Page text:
Some customers are bent out of shape after Apple's big iPhone launch

The Takeaway
Michele Mattana of Sardinia, Italy, poses with an iPhone 6 Plus and an iPhone 6 on the first day of sales at the Fifth Avenue store in Manhattan on September 19, 2014.
Michele Mattana of Sardinia, Italy, poses with an iPhone 6 Plus and an iPhone 6 on the first day of sales at the Fifth Avenue store in Manhattan on September 19, 2014.

Adrees Latif/Reuters

It's been a rotten month for Apple: First iCloud was hacked, then there were problems with the latest iOS 8 update — and now, some of the people to whom Apple sold 10 million new iPhone 6s complain that it doesn't take much for the ultra-thin device to bend and crack.

So despite the iPhone 6 being the most-sold phone in the history of smartphones, people are wondering: Is it worth shelling out hundreds of dollars for a phone that bends just from being in your pocket?

“Apple always makes their iPhones thinner and lighter, and with this larger one, maybe it’s too thin and too light,” says Bridget Carey, a senior editor at CNET. “It’s made of aluminum, and unlike a plastic phone, it’s not going to bounce back.”

Several owners of the iPhone 6 Plus — that's the bigger version with the 5.5-inch screen — have reported that their devices have a certain amount of unwanted flexibility. After sitting down with the phone in a front or back pants pocket, the iPhone 6 Plus comes out a bit warped.

It doesn’t look like it takes much to bend the device, as YouTube videomakers have gleefully shown. But Apple said in a statement on Thursday that both the iPhone 6 Plus and its smaller sister "meet or exceed all of our high quality standards to endure everyday, real life use." It called bending "extremely rare" and said only nine customers had reported such problems to Apple.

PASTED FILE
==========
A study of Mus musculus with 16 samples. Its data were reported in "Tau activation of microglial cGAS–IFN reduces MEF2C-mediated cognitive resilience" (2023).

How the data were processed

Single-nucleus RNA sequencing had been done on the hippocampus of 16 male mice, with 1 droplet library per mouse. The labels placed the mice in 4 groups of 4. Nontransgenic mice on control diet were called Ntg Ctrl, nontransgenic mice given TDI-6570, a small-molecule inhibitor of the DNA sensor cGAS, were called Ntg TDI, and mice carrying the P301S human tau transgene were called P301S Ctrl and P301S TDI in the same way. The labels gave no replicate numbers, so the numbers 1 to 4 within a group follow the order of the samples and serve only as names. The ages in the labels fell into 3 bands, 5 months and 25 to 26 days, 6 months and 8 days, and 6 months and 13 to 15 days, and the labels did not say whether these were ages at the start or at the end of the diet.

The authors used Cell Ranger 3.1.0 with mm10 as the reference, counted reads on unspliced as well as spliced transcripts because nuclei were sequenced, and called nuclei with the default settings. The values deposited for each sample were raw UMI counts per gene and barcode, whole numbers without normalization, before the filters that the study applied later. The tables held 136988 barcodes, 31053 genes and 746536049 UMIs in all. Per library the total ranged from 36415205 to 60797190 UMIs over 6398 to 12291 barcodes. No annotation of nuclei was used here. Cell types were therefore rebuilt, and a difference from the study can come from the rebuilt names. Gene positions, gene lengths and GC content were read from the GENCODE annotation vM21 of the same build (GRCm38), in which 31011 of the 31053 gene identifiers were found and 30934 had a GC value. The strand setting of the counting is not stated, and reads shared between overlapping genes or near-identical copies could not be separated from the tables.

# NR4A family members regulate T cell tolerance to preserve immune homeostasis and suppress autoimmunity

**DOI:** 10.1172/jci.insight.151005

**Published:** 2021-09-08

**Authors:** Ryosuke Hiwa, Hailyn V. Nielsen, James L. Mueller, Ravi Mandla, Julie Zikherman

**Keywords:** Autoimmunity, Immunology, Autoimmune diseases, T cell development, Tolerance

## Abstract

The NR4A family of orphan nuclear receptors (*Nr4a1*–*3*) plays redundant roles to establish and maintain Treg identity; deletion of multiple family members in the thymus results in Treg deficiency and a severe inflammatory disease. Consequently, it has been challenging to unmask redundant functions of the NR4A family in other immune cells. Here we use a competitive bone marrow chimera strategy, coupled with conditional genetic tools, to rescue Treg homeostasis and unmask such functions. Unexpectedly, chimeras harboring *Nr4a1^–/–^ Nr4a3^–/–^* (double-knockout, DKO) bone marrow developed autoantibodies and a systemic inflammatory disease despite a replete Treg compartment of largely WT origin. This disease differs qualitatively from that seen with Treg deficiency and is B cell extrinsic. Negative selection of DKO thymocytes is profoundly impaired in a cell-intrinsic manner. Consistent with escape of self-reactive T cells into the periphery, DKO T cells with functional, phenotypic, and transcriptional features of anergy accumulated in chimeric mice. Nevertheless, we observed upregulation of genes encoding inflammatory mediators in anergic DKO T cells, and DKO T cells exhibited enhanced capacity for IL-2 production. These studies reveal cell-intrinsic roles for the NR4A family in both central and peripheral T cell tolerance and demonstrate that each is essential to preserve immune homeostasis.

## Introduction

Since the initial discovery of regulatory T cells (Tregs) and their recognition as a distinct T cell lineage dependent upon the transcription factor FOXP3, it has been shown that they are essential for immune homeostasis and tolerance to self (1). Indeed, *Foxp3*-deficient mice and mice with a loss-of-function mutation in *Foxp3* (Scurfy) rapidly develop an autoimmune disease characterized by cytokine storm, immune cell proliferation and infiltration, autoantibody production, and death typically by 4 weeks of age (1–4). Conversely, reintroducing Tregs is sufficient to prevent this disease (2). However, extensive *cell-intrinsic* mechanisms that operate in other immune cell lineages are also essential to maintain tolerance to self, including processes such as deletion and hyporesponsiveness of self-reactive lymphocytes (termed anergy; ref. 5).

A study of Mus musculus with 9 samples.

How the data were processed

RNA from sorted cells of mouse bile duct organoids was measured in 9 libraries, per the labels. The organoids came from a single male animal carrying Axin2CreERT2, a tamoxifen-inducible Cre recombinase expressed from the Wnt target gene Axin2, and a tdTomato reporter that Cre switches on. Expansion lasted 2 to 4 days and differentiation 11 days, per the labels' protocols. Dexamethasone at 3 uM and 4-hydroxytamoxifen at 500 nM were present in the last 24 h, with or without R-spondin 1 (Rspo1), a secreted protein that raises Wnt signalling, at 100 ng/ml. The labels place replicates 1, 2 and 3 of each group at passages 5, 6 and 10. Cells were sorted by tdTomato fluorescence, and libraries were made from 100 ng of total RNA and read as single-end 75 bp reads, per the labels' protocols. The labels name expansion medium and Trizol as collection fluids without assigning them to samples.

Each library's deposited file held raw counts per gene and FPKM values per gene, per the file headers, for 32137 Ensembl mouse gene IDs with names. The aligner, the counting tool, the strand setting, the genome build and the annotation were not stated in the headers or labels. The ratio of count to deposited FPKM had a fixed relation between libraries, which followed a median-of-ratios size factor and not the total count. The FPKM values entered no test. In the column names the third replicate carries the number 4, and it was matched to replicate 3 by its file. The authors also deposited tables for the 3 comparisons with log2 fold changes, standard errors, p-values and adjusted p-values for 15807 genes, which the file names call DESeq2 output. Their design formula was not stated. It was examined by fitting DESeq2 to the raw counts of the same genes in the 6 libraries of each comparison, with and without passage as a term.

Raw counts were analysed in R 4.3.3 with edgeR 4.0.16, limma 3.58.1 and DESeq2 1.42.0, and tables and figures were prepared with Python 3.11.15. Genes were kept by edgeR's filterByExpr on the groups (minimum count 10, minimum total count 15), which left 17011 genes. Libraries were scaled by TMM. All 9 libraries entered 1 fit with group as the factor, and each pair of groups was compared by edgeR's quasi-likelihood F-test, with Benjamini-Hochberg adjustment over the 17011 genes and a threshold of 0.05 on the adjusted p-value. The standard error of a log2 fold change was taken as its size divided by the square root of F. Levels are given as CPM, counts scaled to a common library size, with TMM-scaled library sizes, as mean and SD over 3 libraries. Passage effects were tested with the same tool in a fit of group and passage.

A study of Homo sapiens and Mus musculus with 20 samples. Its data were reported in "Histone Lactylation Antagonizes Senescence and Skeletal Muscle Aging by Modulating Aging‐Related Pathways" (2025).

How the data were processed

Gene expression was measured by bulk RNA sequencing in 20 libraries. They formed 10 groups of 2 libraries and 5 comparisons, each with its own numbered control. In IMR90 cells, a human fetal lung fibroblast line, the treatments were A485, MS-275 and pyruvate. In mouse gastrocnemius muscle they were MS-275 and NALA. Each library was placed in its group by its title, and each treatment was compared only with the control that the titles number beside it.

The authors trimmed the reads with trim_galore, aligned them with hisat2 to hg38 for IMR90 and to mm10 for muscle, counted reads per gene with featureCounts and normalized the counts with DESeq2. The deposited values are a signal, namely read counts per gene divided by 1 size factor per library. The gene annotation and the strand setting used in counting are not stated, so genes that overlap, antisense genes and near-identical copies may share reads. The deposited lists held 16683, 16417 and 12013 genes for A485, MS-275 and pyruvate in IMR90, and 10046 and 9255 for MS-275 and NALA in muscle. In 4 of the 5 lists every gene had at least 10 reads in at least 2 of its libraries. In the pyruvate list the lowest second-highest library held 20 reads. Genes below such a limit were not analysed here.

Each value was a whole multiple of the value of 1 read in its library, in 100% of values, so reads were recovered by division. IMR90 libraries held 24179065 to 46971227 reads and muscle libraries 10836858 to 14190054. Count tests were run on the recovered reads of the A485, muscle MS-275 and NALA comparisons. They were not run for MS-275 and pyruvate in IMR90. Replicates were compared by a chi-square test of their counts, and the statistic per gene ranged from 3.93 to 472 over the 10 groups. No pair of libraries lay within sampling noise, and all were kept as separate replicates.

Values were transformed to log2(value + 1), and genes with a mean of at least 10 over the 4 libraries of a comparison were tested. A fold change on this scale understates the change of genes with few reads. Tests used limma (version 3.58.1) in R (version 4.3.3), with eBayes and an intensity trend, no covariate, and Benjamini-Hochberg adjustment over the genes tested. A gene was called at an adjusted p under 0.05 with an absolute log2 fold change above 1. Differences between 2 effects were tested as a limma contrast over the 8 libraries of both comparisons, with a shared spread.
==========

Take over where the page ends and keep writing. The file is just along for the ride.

While Apple is still a favorite among many consumers, Carey says this latest episode may tarnish the revered brand’s reputation a bit.

“When people are putting [the iPhone] in their pockets and it’s happening, I kind of look at that and think, why would you want a phone that’s even more breakable?” Carey says. “We’re always worried about having a phone that we can accidentally smash, now it’s about being fragile?”

And while videos showing the flexibility of the new iPhone seem to be all in fun, Carey points out there are some real risks to a bendable device. “It’s not a joke,” she says. “When you’re really trying to bend a phone, if you mess with the battery, there are warnings that it could explode.”

Carey points out that a similiar Android phone, the well-reviewed HTC One M8, is also made with aluminum but doesn’t appear to bend with the same amount of force. “It’ll be interesting if Apple, on the next try, changes something,” she says. “There is actually a part of the new iPhone that’s a weak spot: The Apple logo itself.”

Carey says that the aluminum backing coupled with the cut-out of the Apple logo has created a sort of “sweet spot where it is more susceptible to being bent.”

And though America’s social media feeds are currently overrun with posts and pictures of bending iPhones, Carey believes that the controversies won’t hurt the company too much in the long run. Consumers and Apple fanatics, she says, will probably get over “bendgate" soon.

This story originally aired on PRI's The Takeaway, a public radio program that invites you to be part of the American conversation.